The Guttmacher Institute and UNFPA recently released a report called Adding It Up: The Costs and Benefits of Investing in Sexual and Reproductive Health 2014, which revealed the staggering levels of unmet need for basic and essential sexual and reproductive health services in developing regions.
There is evidence of a shift from larger to smaller families in many third-world countries. This trend represents one of the most important transformations in developing regions in recent decades and is being made possible in part by the availability of modern contraception. However, many women continue to face barriers to accessing contraception. While some women simply are unable to access contraception and family planning services, others are prevented from accessing it by a lack of education or empowerment that stems from discrimination and gender inequality.
Providing modern contraception for all women who require it entails not only allocating greater funding to the cause, but providing accurate information and having an adequate number of service sites and community-based workers.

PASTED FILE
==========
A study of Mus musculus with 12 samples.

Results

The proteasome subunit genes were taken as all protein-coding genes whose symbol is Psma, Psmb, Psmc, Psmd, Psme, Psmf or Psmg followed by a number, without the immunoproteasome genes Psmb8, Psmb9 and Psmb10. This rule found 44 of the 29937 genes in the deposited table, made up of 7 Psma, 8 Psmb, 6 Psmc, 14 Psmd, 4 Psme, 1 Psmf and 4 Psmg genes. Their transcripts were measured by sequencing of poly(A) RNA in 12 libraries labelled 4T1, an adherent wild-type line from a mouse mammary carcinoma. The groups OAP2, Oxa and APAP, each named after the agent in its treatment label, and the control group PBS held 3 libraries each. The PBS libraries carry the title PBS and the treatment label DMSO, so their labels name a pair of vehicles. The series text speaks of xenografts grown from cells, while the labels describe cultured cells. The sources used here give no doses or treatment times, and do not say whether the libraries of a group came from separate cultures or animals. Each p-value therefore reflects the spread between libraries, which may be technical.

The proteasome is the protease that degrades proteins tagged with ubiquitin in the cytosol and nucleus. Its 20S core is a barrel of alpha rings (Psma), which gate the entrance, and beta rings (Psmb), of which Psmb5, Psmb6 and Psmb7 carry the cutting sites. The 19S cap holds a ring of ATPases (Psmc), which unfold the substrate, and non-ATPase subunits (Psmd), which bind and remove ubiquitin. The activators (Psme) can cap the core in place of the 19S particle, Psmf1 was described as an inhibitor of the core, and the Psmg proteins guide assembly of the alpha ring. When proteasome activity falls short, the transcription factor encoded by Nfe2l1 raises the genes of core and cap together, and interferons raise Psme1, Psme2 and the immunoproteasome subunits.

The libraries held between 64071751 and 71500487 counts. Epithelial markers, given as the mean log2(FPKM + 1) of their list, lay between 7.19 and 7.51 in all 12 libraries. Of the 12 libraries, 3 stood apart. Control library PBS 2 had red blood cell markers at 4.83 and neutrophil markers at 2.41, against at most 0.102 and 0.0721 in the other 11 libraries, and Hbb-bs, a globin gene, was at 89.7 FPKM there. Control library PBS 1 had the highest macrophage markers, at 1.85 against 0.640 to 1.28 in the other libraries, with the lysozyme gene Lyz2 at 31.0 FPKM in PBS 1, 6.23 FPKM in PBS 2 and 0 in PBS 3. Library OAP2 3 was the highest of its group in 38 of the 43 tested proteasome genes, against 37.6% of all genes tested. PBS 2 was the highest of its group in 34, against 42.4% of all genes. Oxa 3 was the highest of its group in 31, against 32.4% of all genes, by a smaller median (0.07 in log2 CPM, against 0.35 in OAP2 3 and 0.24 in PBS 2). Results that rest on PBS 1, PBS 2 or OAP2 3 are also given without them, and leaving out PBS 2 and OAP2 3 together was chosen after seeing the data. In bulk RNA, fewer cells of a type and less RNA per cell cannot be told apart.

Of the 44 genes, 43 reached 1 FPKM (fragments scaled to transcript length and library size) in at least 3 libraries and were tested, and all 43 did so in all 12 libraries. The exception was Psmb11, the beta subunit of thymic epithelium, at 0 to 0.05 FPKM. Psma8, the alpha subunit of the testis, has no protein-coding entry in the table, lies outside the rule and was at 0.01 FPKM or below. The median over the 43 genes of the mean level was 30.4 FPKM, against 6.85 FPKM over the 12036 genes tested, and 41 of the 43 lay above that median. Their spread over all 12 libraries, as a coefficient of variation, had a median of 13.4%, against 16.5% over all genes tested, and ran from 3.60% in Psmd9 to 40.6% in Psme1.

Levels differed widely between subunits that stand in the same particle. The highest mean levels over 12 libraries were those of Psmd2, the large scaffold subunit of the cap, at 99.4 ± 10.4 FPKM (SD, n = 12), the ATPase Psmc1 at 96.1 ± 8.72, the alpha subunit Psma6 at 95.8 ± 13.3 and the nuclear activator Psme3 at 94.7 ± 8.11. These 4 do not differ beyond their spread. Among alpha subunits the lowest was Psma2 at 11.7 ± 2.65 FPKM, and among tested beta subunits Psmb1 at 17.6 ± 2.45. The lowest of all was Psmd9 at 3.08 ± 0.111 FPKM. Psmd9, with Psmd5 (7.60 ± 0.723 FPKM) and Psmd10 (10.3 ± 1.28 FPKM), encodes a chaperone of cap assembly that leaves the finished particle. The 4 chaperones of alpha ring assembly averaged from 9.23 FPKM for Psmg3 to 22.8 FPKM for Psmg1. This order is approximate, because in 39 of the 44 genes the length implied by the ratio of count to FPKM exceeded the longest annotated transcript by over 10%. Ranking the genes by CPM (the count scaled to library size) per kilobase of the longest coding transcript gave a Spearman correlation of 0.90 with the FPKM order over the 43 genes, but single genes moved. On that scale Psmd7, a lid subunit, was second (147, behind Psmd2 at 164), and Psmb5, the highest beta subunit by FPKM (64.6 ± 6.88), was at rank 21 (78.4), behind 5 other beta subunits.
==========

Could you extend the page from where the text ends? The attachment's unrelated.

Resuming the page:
The amount currently spent on modern contraceptive services worlwide is approximately $4.1 billion. The report reveals that fully meeting the need for modern contraceptive services would cost about $9.4 billion. The increased spending would result in approximately 52 million fewer unintended pregnancies and about 21 million fewer unplanned births. These figures show the close relationships among contraception, family planning and population growth, all of which significantly impact consumption levels.
Ever more people need ever more space and human activity continues to encroach on natural environments. This threatens biodiversity. Promoting stable population growth is directly related to preserving global resources and biodiversity.
In developing countries, the first priority is to provide women with universal access to family planning, as set out in Millennium Development Goal 5b. Without access, women are unable to exercise their reproductive rights. Access to reproductive health services — including contraception — is central to slowing, halting and reversing population growth.